The Omicron Variant and Continued Threats of the Pandemic

The highly transmissible omicron variant is an indicator that the pandemic is far from over.

The Omicron Variant and Continued Threats of the Pandemic

Just as our school has returned to in-person learning and a more normal system of education,  sixth graders at BASIS Independent Brooklyn were recently put on quarantine due to a cluster of COVID-19 cases within the school. The rest of the world has also faced a surge in COVID-19 cases. In November, a new variant of COVID-19 was discovered in Botswana and South Africa. While authorities are still lacking information on this variant, the World Health Organization (WHO) recently named it omicron and classified it as  “a variant of concern” due to possible increased transmissibility and decreased susceptibility to vaccines. The discovery of this new strain changes the course of the pandemic and affects the entire world, as well as the BASIS Independent Brooklyn community. 

Early COVID-19 Data from Gauteng, South Africa could be a predictor of the impact of the omicron variant in the U.S. (The Financial Times)

The omicron variant has already spread to nearly 60 countries in the span of less than a month, as well as 20 U.S. states. It is said to spread twice as fast as the delta variant, another predominant strain of COVID-19 that was found in India in late 2020. However, despite the increased rate of infection, so far omicron has been observed to have milder symptoms than the delta variant. It has also been established that fully vaccinated individuals can contract the omicron variant. Of 43 known individuals who tested positive for the variant in the U.S., 34 were fully vaccinated and 14 had received a booster dose. The vaccine is significantly (37%) less effective against the omicron variant than it is against the delta variant and the original COVID-19 strain. However, receiving a booster increases protection by 75%. Overall, the Centers for Disease Control and Prevention (CDC) and WHO urge vaccination as the best form of protection. Even though one can still become infected with COVID-19 if vaccinated, vaccination prevents more severe reactions to the disease, such as hospitalization and death. Authorities also urge the public to continue wearing masks, especially in indoor public settings.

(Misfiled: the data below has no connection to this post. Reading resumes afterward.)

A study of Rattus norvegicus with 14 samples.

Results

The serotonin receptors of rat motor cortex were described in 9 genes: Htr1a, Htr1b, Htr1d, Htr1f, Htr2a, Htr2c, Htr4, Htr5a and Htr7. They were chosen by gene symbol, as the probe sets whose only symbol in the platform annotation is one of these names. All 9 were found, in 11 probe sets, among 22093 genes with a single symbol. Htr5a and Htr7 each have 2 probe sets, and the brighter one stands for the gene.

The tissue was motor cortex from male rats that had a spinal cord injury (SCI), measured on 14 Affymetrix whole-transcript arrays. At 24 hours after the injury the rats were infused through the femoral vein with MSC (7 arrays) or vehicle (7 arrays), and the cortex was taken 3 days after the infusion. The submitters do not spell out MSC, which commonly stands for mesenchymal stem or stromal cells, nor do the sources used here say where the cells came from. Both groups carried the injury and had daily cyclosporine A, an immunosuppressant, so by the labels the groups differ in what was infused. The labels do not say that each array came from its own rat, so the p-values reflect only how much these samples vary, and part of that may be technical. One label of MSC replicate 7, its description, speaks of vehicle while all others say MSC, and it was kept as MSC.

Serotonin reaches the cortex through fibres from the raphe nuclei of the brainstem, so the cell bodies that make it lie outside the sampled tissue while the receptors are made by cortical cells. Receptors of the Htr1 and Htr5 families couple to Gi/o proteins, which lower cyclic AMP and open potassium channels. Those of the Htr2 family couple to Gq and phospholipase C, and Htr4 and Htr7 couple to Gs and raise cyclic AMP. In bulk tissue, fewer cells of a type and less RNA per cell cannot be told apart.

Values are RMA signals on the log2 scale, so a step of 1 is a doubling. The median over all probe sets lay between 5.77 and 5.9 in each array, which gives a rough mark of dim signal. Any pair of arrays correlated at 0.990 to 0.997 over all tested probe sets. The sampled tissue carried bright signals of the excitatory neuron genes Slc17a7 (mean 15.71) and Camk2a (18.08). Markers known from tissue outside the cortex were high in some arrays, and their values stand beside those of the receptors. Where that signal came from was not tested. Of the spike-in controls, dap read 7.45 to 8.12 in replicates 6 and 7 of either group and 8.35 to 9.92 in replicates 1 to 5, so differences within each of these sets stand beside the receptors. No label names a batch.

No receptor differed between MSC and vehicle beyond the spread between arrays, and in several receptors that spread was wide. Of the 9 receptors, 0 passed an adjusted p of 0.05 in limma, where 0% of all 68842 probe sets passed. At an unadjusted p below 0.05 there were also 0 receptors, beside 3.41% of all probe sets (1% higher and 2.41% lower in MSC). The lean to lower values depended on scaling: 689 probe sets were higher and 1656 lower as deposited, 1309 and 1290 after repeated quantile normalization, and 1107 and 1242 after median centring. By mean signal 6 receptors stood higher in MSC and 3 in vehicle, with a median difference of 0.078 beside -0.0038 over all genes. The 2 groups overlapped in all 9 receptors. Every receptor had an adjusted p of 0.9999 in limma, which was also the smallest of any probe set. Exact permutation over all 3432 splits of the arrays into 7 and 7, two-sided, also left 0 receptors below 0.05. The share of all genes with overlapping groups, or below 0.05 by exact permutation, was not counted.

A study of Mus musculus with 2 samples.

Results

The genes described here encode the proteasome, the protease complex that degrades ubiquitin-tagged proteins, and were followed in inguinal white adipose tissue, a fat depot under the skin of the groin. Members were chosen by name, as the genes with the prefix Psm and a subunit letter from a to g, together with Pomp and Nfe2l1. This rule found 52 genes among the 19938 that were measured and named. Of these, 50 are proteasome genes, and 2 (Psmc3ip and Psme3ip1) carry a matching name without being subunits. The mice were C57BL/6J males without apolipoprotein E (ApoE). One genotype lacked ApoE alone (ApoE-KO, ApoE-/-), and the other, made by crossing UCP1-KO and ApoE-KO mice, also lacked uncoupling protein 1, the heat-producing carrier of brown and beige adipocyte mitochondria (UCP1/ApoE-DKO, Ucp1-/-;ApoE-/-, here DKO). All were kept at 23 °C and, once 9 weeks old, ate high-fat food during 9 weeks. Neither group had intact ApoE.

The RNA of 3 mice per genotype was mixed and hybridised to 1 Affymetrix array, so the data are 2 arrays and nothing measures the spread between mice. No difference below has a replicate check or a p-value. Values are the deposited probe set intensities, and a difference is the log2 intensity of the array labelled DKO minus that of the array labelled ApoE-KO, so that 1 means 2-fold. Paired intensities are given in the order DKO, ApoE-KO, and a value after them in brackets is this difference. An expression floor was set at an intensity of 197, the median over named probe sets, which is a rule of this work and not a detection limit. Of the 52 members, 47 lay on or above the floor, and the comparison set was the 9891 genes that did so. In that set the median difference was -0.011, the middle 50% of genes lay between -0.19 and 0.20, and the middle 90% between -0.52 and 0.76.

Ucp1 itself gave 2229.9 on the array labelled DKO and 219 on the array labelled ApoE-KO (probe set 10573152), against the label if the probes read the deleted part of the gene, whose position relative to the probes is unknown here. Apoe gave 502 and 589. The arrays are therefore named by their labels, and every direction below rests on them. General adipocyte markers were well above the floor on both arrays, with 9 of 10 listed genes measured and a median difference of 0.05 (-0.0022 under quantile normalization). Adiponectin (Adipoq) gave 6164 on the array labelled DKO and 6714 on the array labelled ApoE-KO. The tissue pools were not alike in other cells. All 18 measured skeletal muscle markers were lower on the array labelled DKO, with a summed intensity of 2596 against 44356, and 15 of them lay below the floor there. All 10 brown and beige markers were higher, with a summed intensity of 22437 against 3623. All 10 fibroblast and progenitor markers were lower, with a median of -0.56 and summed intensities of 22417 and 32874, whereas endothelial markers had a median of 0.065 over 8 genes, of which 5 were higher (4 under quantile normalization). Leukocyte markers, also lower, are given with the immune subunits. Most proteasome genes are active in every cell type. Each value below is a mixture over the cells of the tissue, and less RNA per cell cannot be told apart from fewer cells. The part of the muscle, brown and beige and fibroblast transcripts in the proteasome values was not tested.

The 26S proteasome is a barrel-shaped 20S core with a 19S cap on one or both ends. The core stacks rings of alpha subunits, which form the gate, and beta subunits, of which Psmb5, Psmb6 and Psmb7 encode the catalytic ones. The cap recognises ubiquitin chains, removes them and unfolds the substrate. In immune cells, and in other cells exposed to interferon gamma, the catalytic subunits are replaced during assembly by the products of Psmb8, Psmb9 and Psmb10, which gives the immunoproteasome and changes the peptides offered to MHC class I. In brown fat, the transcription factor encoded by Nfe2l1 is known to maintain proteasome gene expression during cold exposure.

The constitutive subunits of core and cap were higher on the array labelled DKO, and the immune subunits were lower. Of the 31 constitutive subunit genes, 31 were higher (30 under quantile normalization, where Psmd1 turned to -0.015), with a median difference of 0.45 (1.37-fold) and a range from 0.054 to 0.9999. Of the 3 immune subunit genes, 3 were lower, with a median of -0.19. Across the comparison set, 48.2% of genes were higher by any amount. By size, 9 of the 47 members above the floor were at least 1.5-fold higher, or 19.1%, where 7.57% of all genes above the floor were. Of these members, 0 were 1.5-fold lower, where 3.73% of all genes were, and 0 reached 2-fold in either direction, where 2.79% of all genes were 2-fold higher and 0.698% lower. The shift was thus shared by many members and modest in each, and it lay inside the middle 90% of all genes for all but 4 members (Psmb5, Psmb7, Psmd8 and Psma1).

While scientists cannot yet be sure of the severity of the omicron variant, countries such as Israel, Japan, and Morocco have already shut down their borders to foreign travelers, halting the return to normalcy that had begun this year. The emergence of a new variant raises many questions about how COVID-19 will continue to affect the lives of people all over the world. As shown by the reduced effectiveness of vaccines and reemerging global surges of COVID-19, the pandemic is still far from over. Despite the efforts to vaccinate the public, only 60.5% of the US population is fully vaccinated. In order to protect society, those who are able to should receive vaccinations and boosters (ages 16 and up are now eligible for boosters). Hopefully, through continued vaccination efforts, mask-wearing, and other precautions, BASIS Independent Brooklyn can continue to maintain a safe community in spite of the ongoing pandemic.